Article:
When a natural disaster strikes a community, residents go to shelter. Public safety workers and journalists go to work.
News organizations usually prioritize the safety of reporters in the field during such events. Often, it’s the reporters who will push the limits on safety in order to deliver vital news to the public. Ethical managers talk them out of it.
But there’s no shortage of instances of reporters subjecting themselves to the brutality of nature to report a weather story. Their aim is to show the public the truth about the conditions. Their critics call it reckless showboating.
Several media groups offer published guidelines for keeping journalists safe. The Radio Television Digital News Association, for instance, states: “Journalists should keep in mind that their personal safety comes first. Managers should ask if live coverage in the path of a hurricane or wildfire presents a clear danger to staff, equipment and the public. What’s the value of putting your staff in harm’s way to show that, yes, the wind is blowing?”
Hurricane Ida was the latest example of journalists braving the elements to help keep their communities informed and safe, while at the same time not doing anything that’s dangerous or nuts. Well, let’s amend that to just dangerous. Because getting drenched in a torrent and staggering around in the wind is nuts.
Jack Royer isn’t nuts but he did that during Ida. Royer, an anchor and reporter for CBS 42 in Birmingham and a 2018 University of Alabama grad, spent several days reporting from downtown New Orleans for his station, for Nexstar affiliates around the nation and for Nexstar’s national cable news channel called NewsNation.
He’s primarily a morning news anchor for CBS 42 but considers himself a reporter first. He has asked for assignments like this one. “There is nothing better than being in the middle of a story like that,” he told me.
Royer, the son of longtime and highly respected Birmingham news anchor Mike Royer, said he never felt in danger. He and his crew did some outdoors standup reports, of course, but based themselves primarily in a protective parking deck.
“It only takes one piece of flying debris to remind you that Mother Nature is far more powerful than you are. … We were careful not to stand out in the open for very long.”
That wasn’t merely a safety consideration. “There is nothing that erodes trust in viewers faster than telling them to stay out of the storm but then going out in it yourself,” said Royer, who’s a veteran of tornado coverage, too.
Not to say there weren’t scary moments. On the streets, he and his team ran into floodwaters. All power and streetlights were out and their cellphones barely worked. “We were starting to think about what would happen if we ran out of gas,” he said.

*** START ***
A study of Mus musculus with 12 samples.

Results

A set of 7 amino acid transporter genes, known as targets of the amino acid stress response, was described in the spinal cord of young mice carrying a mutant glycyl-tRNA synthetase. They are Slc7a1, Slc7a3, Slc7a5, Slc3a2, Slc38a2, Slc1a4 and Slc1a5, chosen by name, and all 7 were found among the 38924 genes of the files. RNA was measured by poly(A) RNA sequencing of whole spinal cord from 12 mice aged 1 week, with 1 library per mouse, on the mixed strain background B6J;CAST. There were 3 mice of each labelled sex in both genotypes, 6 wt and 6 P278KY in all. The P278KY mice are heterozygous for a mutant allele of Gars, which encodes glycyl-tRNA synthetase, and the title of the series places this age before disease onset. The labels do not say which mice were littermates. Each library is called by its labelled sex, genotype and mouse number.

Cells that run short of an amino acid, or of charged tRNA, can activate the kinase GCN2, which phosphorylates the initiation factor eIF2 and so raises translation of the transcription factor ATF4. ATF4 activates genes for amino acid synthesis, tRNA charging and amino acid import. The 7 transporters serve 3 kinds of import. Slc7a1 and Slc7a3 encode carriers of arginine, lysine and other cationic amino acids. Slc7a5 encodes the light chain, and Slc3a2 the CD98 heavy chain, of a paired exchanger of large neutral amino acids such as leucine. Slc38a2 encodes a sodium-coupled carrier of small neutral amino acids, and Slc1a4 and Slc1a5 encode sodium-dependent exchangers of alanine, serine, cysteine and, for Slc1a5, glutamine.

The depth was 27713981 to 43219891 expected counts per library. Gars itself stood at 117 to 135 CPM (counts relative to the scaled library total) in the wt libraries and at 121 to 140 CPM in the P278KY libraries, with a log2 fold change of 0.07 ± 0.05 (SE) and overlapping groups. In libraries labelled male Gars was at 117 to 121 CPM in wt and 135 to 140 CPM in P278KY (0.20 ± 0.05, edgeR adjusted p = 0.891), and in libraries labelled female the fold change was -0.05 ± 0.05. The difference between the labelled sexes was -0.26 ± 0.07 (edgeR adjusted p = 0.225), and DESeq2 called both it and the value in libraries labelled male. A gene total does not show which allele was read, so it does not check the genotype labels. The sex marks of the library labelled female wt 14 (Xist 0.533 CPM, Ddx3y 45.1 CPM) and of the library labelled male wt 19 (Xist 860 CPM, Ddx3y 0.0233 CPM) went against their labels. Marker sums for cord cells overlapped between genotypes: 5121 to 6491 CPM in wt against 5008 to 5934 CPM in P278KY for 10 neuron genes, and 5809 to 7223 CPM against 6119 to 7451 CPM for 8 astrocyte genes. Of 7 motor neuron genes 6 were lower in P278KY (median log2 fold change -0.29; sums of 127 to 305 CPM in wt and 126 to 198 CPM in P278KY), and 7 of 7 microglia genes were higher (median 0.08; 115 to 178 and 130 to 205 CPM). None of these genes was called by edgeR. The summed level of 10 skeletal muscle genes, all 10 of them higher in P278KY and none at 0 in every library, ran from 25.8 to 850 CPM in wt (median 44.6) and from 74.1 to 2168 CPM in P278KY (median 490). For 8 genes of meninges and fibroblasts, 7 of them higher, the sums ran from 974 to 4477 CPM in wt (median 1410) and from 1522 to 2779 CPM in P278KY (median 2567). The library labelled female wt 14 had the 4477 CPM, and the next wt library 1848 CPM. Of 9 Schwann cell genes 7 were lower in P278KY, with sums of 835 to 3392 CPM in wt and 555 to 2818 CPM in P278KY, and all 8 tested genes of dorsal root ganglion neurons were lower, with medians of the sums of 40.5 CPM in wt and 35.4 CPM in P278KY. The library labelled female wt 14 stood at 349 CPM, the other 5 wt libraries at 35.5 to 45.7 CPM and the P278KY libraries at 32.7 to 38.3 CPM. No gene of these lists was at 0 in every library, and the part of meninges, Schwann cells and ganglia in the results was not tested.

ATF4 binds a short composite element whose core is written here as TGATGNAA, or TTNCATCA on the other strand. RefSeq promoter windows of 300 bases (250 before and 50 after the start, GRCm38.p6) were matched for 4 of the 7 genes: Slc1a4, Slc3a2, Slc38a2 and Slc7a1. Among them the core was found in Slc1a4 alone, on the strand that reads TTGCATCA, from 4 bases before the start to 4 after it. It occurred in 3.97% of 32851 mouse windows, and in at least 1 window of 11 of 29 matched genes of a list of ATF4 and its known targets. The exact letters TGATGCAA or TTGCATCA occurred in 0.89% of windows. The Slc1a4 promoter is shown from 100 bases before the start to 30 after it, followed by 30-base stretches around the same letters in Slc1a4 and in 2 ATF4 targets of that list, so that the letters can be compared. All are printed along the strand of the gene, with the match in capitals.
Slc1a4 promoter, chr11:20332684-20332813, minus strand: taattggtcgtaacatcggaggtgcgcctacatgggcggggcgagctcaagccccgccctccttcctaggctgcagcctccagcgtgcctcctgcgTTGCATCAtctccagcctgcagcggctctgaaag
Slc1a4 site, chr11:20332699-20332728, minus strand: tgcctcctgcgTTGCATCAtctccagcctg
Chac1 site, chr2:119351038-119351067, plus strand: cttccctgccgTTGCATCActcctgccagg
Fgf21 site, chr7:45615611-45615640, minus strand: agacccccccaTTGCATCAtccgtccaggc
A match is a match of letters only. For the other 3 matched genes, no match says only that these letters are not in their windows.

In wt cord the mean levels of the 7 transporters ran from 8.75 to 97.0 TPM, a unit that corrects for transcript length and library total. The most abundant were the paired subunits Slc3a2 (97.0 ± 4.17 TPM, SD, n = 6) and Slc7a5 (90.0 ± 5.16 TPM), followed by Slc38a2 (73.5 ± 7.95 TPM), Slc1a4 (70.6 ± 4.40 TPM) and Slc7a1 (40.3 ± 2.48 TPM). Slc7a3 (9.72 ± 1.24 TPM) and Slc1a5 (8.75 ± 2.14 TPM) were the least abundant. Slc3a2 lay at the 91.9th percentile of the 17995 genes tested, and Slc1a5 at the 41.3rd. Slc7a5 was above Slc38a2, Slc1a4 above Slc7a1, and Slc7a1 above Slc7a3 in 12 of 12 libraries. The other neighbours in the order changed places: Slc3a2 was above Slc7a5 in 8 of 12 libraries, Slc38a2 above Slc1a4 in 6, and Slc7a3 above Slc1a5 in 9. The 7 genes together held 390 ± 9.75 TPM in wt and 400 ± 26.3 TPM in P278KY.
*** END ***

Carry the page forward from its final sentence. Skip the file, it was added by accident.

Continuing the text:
Research indicates that reporting on natural disasters takes not just a physical toll but a mental one as well. That comes from the long hours and stress of that kind of assignment and from the unavoidable effects of seeing devastation and suffering. In one particularly powerful moment, Royer is on camera talking about scenes he has witnessed, including the plight of some of the city’s homeless people. The emotion is obvious on his face and in his voice. He can’t look directly at the camera.
“The toughest part, in some sense, is the people who you can’t help. You see people without a home, pushing shopping carts, having a hard time pulling them. I don’t want to get emotional but it’s challenging when you see these poor people and you can’t help them and they are in the middle of a Category 4. What am I going to do? Roll down the window and say, ‘Hey, you shouldn’t be out here right now’? He has nowhere to go.”
I knew as far back as 2015 that Royer would be an excellent TV journalist, and I hadn’t even seen him on TV at that point. But I had listened to him, still in college, conduct a professional-grade phone interview in the WVUA 23 newsroom on campus. And that’s what matters. I’m sure some narrow-minded bosses of TV news care mostly what you look like and sound like on air, but legitimacy and success, even for anchors, come from knowing how to report and write and from being able to draw on experiences like delivering needed news in the face of a hurricane.
Tom Arenberg is an instructor of news media at the University of Alabama. He worked for The Birmingham News and the Alabama Media Group for 30 years. He published this commentary originally as a post on his blog, The Arenblog.
About News is a BirminghamWatch feature that publishes commentary by those who teach the craft and think about the values and performance of today’s journalism, a civic flashpoint. BirminghamWatch is a member of the Institute for Nonprofit News whose members generally rely on individual gifts, foundation grants and sponsorships to support their work. It also publishes About News articles on Facebook and Twitter and invites readers to join the conversation about their news in those forums.